Amazon is one of the world's most valuable companies, valued at nearly $800 billion, and the e-commerce giant pulled in $232.9 billion in global revenue in 2018.
And yet, Amazon's federal tax bill this year: $0. For the second year in a row.
In fact, Amazon is actually getting a federal tax refund of $129 million this year, due in part to a combination of tax credits and deductions. This is despite the fact that Amazon nearly doubled its taxable income in 2018 to $11.2 billion, from $5.6 billion a year earlier.
In other words, Amazon is basically paying a -1 percent federal income tax rate this year after reportedly paying a federal rate of more than 11 percent between 2011 and 2016, according to The Week.
Sen. Bernie Sanders, I-Vt., who has criticized Amazon in the past for not paying higher federal taxes, took to Twitter on Thursday to point out that any Amazon Prime member paid more for that program's annual fee ($119) than the company paid in federal taxes.
Prime has 100 million subscribers.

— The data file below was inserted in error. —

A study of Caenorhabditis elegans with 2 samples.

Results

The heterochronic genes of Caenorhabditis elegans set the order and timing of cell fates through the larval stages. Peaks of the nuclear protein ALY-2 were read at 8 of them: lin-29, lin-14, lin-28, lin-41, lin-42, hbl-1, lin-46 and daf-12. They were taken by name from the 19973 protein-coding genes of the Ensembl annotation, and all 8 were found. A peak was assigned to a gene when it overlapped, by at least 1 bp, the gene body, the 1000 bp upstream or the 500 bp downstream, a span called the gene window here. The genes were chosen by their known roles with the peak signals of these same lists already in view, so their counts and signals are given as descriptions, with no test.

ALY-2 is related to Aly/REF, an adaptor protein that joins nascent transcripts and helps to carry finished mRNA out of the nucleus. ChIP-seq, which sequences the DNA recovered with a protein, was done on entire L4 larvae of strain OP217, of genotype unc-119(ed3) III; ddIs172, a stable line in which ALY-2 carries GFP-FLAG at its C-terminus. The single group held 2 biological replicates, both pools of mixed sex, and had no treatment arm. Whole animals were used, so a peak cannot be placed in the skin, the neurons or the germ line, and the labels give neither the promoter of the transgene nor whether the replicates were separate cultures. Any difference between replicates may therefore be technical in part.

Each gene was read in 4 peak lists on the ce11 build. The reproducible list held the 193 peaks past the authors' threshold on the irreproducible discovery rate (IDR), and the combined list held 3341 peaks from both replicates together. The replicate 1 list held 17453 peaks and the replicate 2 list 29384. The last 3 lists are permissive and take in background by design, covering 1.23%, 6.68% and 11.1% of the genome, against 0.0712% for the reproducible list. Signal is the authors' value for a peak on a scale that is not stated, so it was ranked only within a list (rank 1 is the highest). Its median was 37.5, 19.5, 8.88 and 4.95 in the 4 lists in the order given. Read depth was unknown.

"Amazon pays all the taxes we are required to pay in the U.S. and every country where we operate, including paying $2.6 billion in corporate tax and reporting $3.4 billion in tax expense over the last three years," an Amazon spokesperson said in a statement provided to CNBC Make It.
Amazon reported its sizable federal refund in a recent corporate filing for the company's fourth-quarter earnings report. However, Amazon also notes in that filing that it will pay $756 million in total taxes this year, between state and international taxes.
A report this week from the Institute on Taxation and Economic Policy, or ITEP, a nonpartisan and nonprofit tax policy think tank, pointed out the fact that Amazon will not pay federal taxes for the second year in a row. In fact, last year, Amazon received an even larger refund, getting $137 million from the federal government.
One reason for Amazon's nonexistent federal tax bill is the Tax Cuts and Jobs Act that Congress enacted in 2017, which lowered the statutory corporate tax rate from 35 percent to 21 percent. In addition to the lower tax rates for corporations, the new tax law also "failed to ... close a slew of tax loopholes that allow profitable companies to routinely avoid paying federal and state income taxes on almost half of their profits," ITEP senior fellow Matthew Gardner wrote in a report on Wednesday.